Eleven Hours by Pamela Erens
Tin House Books, 2016; 176 pp
Reviewed by Bobby Fischer
Pamela Erens’s 2013 novel, The Virgins, explored avenues of female sexuality at a prep school, framed with the device of male fantasy. At the prep school of the novel’s setting, this fantasy shaped our perception of the young girl at the center of the plot and confronted issues of shame and privilege—while essentially stripping our sympathy from the narrator and awarding it to the narrator’s victim. This structurally difficult approach to social commentary through fiction appears to be Erens’s modus operandi. Her new novel, Eleven Hours, takes place during the eleven hours of labor leading up to the birth of a child. The use of childbirth as a framing device allows the novel to be written in the grammar of the body, the physical and emotional pain of the experience coloring narrative lines that flow backwards from the labor itself and into the events that shape the characters into the people they become by the time we meet them.
The story focuses on two women, Lore and Franckline. The former shows up at the hospital ready to give birth, consciously and willfully alone. The latter is Lore’s nurse in the maternity ward. Franckline is also pregnant and alone, though slightly less of both. Her family is in Haiti, and her pregnancy is a secret. The sense of aloneness that binds these two women together is obvious to only Franckline, but Lore finds comfort in their sameness and in the nurse’s willingness to treat her as a human being. This connection becomes most obvious when another nurse enters the room in Franckline’s absence. Lore is immediately adverse to this second nurse, and answers all her questions and treats all her requests with absolute scorn. To be fair, the adversity is not unwarranted: The new nurse continually calls Lore “Laura,” no matter how many times she is corrected. When this new nurse, this not-Franckline, inquires about Lore’s pregnancy, Lore attempts to shock her by co-opting her former friend Julia’s story: that this wasn’t her first pregnancy, and that she had to abort the previous one because it was a result of rape. This lie shocks the nurse—as it shocks us—into silence. The nurse is shaken because rape is harrowing. We are shaken because it is harrowing for a character we are identifying with to lie about such a thing.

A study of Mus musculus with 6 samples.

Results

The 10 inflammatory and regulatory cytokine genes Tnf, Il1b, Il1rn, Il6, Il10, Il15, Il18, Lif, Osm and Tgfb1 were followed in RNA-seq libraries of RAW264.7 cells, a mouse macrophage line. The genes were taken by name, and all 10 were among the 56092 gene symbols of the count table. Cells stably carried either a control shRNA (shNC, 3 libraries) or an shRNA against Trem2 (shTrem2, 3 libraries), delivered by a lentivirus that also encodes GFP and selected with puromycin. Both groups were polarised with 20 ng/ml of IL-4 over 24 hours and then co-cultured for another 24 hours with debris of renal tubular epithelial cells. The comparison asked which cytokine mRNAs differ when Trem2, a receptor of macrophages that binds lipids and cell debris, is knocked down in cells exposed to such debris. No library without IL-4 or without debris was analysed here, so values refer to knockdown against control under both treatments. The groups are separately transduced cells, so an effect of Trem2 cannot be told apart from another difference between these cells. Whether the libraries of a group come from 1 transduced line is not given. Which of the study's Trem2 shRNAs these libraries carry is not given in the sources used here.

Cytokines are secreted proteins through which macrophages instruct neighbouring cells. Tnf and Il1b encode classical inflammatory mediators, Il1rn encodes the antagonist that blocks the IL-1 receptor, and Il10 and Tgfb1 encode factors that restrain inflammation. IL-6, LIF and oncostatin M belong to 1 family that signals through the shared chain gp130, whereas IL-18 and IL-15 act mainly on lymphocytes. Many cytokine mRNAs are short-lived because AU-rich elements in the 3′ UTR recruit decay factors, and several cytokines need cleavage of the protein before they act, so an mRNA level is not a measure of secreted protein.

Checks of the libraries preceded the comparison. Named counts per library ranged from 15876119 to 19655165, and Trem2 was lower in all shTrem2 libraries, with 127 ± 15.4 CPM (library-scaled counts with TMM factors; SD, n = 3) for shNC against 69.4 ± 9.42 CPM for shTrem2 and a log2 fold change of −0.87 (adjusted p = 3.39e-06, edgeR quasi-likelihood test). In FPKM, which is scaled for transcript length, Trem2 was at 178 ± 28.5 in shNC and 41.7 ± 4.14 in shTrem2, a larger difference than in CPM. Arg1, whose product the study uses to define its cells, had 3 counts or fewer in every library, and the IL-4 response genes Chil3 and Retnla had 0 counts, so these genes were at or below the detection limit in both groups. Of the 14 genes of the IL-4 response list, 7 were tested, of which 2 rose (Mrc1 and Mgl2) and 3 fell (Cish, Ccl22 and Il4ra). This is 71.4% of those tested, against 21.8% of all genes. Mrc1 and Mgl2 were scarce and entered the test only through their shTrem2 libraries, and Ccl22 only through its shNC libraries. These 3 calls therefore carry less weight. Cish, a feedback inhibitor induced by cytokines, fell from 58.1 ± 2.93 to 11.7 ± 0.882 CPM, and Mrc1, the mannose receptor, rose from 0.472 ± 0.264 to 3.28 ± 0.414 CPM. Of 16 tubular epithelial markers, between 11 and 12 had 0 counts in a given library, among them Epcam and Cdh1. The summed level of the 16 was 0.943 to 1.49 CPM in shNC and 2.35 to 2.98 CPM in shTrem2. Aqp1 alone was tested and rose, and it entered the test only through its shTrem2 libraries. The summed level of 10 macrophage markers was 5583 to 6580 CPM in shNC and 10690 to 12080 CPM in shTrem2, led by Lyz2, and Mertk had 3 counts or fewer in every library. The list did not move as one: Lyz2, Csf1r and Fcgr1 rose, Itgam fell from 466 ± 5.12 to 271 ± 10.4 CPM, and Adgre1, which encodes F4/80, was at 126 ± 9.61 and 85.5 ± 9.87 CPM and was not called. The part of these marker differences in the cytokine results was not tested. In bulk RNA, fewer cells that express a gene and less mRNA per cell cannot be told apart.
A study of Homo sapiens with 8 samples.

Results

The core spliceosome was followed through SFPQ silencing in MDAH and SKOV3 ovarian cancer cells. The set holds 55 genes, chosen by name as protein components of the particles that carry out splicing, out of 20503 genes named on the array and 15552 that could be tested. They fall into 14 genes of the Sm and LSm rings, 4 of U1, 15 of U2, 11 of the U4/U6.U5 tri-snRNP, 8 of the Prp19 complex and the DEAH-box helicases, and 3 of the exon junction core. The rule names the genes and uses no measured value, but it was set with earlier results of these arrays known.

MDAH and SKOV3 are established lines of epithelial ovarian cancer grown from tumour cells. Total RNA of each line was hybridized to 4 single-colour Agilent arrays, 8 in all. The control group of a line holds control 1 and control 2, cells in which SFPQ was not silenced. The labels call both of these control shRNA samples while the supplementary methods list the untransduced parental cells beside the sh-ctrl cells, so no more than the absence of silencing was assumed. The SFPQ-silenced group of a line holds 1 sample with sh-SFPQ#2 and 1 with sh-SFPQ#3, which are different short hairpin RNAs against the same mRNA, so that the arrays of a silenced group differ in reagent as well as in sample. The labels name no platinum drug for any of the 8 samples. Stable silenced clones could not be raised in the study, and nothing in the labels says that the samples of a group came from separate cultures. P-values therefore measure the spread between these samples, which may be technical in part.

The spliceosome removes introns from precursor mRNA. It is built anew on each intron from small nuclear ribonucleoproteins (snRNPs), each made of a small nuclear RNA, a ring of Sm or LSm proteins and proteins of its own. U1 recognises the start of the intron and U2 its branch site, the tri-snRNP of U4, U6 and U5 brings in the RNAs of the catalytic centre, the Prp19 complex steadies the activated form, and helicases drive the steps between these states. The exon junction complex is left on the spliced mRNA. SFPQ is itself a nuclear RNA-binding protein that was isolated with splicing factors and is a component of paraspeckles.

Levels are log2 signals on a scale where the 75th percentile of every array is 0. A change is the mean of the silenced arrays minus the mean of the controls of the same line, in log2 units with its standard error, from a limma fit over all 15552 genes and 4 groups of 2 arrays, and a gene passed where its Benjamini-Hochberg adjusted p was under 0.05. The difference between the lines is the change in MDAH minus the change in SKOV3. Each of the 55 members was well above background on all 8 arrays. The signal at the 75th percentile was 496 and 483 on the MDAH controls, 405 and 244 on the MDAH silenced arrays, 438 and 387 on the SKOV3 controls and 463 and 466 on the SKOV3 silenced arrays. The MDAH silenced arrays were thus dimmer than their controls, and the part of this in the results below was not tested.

Though Franckline is not present for the lie, it compromises their bond. It does so because this is not Franckline’s first pregnancy—hers ended as the result of a bicornate uterus, something that informs the dangers of her current state. As an audience, we’re mildly aware (some of us more than others, a split that comes mostly along gender lines) of the many things that can and do go wrong with any given pregnancy, but the introduction of a specific problem that one of our main characters has dealt with personally—as opposed to in her capacity as a nurse—informs the drama in a page-by-page way that makes it all feel very dangerous. Because this has happened to Franckline, it could happen to her again. Because this has happened to someone so bound to Lore, it could happen to her too. This sense of danger is elaborated upon by Erens’s incredible ability to write about pain that comes from deep inside the body, originating someplace more primordial than simple biology.
Woven throughout the current timeline are flashbacks to both of our protagonists’ lives, and slowly we come to learn why Lore showed up at the hospital alone and why Franckline is so emotionally invested in these eleven hours. These flashbacks are coded in present pain from each woman, and because we are attached to them, it’s easy to see the betrayals and difficulties they suffer as betrayals and difficulties for us, whereas if the novel were told linearly our take on it may be, if not different, cooled off a little. The novel is fatalistic in the Richard Taylor sense as far as our sympathies are concerned: The future determines the condition of the past.
If The Virgins used its complex structure to emphasize the power of fantasy to shape the past and expose its narrator, Eleven Hours uses its relatively simple structure to focus on the way that our bodies and the trauma they are exposed to—emotionally, in the sense of betrayal; physically in the sense of the birth—does the same. The exposition here, this time, however, isn’t about revealing male privilege and the poisonous entitlement it engenders, but about female strength in the face of unreal pain and the anxiety of expectation. Erens captures the bonds and hope that can arise from these circumstances, through a forever colored past and into a hopeful future.